Lakeside Wealth Management CEO Inspires Young Business People

Lakeside Wealth Management CEO Inspires Young Business People
By: Kyle Hovanec Last Updated: March 18, 2016

Mark Chamberlain, CEO of Lakeside Wealth Management held a special presentation for a collection of young leaders from within Porter County. Taking place at their Chesterton headquarters, it was here that Chamberlain was able to discuss the principals that he teaches to those under his wing, with many of them coming from the book never eat alone by Keith Ferrazzi and Tahl Raz.

"After reading this and several other books, I've come to discover three concepts that I wish to share with you today. I like to tell stories and hopefully, the stories I tell connect with the philosophies found in this book," said Chamberlain.

Chamberlain's three key insights from the book closely tie with one another with the three concepts being: 1. Relationships matter more than transactions, 2. Connecting is a basic human need and 3. We underestimate our power to do good.

The first concept dealt with relationships and, just how important they are to both the business world and everyday life.

"Relationships are all there is, everything in the universe is connected because of its relationship with everything else, nothing exists in isolation and we have to stop pretending that we are individuals who are alone," said Chamberlain.

Chamberlain whose previous experience working as a Chicago trader, allowed him to gain a multitude of success and connections but in the end, left him feeling like a certain element was missing from his life.

"It was a very kill or be killed environment," said Chamberlain. "It was a place where there was not much value in relationships and that developed the mindset I grew up with. Once I left I felt that something was missing in my life. I knew a lot of people but I didn't have a lot of relationships, not many people I could call or those I could call my best friends."

'There's a difference between being a hunter who kills and consumes and one who is a farmer who plants seeds. This was a lot like relationships. I used and consumed them and moved on," said Chamberlain. "As a farmer, you have to grow and nurture your crops and tend to them every year. That is the way to grow relationships. Once you take care of them once, the crops keep coming back every year and as long as you keep tending to them, it will keep nourishing you."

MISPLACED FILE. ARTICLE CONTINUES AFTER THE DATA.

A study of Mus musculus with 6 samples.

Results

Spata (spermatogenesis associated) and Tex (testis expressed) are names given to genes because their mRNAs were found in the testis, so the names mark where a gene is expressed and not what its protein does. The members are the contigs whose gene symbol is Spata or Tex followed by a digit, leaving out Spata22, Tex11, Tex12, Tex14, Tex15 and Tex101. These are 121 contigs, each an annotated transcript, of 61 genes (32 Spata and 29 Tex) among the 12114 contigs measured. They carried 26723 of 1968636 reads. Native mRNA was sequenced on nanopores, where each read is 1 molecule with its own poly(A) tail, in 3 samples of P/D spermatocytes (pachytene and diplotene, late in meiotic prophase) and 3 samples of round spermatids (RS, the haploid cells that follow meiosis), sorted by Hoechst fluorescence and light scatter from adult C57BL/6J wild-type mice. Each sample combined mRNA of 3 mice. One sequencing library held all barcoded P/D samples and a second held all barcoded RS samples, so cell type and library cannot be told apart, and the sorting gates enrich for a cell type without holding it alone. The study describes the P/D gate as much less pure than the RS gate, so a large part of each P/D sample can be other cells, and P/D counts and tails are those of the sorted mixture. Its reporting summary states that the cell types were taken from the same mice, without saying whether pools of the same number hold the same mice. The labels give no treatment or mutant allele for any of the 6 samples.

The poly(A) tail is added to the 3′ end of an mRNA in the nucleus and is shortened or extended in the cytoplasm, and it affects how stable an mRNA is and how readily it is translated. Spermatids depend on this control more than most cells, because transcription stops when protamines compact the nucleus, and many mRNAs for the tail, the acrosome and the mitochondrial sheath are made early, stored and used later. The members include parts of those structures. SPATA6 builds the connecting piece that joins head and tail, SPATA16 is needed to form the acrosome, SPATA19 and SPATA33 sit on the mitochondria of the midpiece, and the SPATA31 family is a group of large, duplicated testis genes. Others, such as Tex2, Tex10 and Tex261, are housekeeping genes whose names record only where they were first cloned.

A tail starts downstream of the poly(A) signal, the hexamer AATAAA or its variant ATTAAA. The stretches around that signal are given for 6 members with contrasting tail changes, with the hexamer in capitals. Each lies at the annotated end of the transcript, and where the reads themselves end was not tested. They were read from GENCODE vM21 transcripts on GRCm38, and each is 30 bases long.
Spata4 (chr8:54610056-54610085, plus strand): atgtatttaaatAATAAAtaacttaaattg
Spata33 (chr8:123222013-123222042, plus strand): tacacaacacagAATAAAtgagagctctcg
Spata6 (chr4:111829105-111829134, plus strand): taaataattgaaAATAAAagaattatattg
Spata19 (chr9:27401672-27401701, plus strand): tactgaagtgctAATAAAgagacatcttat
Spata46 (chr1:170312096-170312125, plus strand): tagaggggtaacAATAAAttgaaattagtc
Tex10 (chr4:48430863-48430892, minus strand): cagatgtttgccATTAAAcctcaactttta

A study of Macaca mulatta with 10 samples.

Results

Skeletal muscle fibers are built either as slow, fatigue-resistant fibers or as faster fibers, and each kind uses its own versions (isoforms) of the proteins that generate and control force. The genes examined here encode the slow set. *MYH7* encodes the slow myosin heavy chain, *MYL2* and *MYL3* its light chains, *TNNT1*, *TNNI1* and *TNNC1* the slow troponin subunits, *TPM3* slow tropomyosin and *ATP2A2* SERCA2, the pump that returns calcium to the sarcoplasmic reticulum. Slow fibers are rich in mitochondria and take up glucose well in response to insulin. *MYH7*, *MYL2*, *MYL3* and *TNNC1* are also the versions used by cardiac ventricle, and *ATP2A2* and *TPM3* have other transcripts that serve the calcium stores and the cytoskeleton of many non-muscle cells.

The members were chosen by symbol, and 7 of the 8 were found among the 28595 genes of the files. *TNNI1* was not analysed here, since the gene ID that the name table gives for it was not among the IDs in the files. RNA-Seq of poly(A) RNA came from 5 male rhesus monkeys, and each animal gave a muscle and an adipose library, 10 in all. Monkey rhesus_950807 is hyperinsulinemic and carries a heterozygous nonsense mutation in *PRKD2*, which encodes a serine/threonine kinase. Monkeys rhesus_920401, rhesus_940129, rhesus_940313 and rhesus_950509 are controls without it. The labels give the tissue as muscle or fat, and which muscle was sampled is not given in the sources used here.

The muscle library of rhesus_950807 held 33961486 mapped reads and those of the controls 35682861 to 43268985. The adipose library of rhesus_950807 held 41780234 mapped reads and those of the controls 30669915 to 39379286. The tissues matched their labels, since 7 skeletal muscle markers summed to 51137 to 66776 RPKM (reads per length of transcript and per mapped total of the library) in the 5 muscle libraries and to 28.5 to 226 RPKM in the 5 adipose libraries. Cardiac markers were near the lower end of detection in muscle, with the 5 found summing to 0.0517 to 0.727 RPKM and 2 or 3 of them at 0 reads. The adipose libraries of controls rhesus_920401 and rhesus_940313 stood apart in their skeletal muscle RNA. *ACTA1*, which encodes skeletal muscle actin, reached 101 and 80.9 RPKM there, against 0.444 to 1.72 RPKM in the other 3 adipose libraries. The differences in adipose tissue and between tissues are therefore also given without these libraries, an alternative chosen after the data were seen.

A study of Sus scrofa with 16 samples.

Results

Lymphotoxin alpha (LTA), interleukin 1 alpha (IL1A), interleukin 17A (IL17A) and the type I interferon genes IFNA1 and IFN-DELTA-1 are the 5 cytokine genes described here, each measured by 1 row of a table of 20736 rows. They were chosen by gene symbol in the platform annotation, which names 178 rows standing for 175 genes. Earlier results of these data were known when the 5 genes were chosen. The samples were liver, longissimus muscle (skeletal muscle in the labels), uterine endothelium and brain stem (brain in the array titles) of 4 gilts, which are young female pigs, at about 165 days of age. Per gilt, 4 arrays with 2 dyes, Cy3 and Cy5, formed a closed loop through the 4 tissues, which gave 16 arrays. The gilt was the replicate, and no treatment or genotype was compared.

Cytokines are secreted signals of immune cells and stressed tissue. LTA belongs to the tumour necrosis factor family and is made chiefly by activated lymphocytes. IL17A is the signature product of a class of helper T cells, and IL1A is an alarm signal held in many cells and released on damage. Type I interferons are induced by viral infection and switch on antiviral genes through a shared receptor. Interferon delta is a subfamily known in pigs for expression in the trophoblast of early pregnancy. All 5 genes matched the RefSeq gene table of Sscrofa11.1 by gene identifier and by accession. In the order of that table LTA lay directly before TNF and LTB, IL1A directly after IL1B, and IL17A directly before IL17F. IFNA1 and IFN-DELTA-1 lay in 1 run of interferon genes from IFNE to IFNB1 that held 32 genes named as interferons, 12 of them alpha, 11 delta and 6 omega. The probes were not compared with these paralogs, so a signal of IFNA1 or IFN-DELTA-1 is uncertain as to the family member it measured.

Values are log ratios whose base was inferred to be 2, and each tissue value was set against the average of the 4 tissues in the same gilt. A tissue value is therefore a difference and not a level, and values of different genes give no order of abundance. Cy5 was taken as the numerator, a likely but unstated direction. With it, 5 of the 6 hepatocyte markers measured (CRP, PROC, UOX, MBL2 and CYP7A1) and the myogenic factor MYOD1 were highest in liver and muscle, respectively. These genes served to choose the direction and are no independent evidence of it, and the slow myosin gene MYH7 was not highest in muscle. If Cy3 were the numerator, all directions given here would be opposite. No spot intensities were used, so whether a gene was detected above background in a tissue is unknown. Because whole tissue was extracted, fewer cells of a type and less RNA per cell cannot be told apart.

The second insight of connections came from Chamberlain's observations of talking and connecting with individuals. Chamberlain credited the past days of tribes and a system of trust.

"Its a very natural thing for us to feel a connection and a sense of community among one another and a sense of trust," said Chamberlain. "It's building these connections that allow us to better understand and in the end, better serve one another."

Chamberlain did warn however that the use of electronic communication does not substitute for communication but rather something more harmful.

"Sending texts and social media is not connection," said Chamberlain. "It's efficient, but it's never going to get into the deep fiber of someone to find something meaningful. We think we are connecting, but we're not, we're addicted and it's not the same thing. People want to talk to you, they want to connect with you, it's a basic human need."

The third insight of underestimating the power to do good is a simple and easy mistake many individuals make. Chamberlain felt doing good to someone else is the simplest of the three and often only takes seconds of someone's time.

"People want to connect and we underestimate our part to do good and influence people. One of my favorite quotes says that 'Value of life is always measured by how much is given away'," said Chamberlain. "When people show up at my funeral, they won't show up because of the car I drove or anything superfluous, they'll show up because they'll be some connection to me because I did some good in their life because I had a relationship with them."

Once the presentation ended, many of the young attendees took away inspiring and positive messages from Chamberlain's speech.

"I took a lot away from this presentation said local Valparaiso businessman JJ Peller. "Relationships are very important in life and I look up to Mark and Tim Rice for building fantastic relationships in the community."

"It was great to see that it only takes a really small act to make a huge difference in day to day life of someone else," said Valparaiso businessman Eric Zosso. "It's is extremely easy to help people."

"You can't be motivated to help someone just to get something," said Chamberlain. If you do help people, you do get something. It feels appropriate to end with one of my favorite lines of poetry by Maya Angelou. She once said that 'At the end of the day people won't remember what you say. People won't remember what you do, but they will always remember how you made them feel'."